In a council discussion about the new IT division that would result from the city manager's plans, council member Margaret Abe-Koga said, "We have all these startups coming to us saying, 'This is the technology we are developing; Do you want to beta test it?'" In her view, the new director of IT would be the person who could field such questions, and also be able to discuss and understand startups that are on "the cutting edge of what's going on in the world," she said.
Expansion in this realm is a no-brainer for Mountain View, which one could argue should have been planning for this moment several years ago. But given the downturn and the initial loss of revenue, the city wisely stayed away from adding even arguably critical personnel in public safety and other departments. But now the time is right. Increased income from sales tax, property taxes and other sources are making the city flush and able to bankroll a much more capable work force, equipped to talk on the same level as the startups or the long-established high-tech firms like Google and Microsoft which are looking at expansion in the city.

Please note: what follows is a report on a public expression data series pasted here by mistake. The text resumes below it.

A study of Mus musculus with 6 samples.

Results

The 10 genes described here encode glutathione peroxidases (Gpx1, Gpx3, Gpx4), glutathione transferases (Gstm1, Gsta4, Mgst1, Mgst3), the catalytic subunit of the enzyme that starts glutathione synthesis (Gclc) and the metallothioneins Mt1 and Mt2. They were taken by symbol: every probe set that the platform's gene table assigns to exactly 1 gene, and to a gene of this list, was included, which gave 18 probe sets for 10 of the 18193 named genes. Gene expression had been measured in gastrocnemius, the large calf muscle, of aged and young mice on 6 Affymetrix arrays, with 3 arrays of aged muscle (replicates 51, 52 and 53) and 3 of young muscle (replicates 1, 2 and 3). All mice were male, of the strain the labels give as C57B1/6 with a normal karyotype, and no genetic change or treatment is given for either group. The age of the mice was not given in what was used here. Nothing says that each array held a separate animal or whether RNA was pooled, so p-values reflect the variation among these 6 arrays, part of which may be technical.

And although the council gave tacit approval to Rich's plan last week, members should be cautious, too. Now is the not the time to be adding long-term obligations to the budget like across-the-board salary or pension increases. Compensation and benefits for city workers is already generous, and at this point we see no need for an increase beyond the 2 percent cost of living adjustments already in the city's union contracts for next year.
In making his presentation to the council, the city manager noted that Silicon Valley's economy is leading the country out of recession. "I would argue that that we (Mountain View) are leading Silicon Valley."
With this economic wind at his back, Rich rolled out a mix of other initiatives, ranging from $85,000 to back the popular "Energy Upgrade" program, which funds energy audits of homes to help residents reduce energy use, to funding more janitorial service, which was cut last year. Other chunks of the expected surplus were spread around, to buy new computer hardware and software, for supplies and staff at the teen center, to pay for an additional 80 youths to attend city-run summer camps and to subsidize new youth and adult classes operated by the city.
Although not final yet, the city manager's proposals were well-received last week, and are expected to be endorsed by a majority of the council. So far, we see no reason to put on the brakes. The city can afford to be more generous, so it can remain competitive in the Valley's super-heated economy.
This story contains 616 words.
Stories older than 90 days are available only to subscribing members. Please help sustain quality local journalism by becoming a subscribing member today.
If you are already a subscriber, please log in so you can continue to enjoy unlimited access to stories and archives. Subscriptions start at $5 per month and may be cancelled at any time.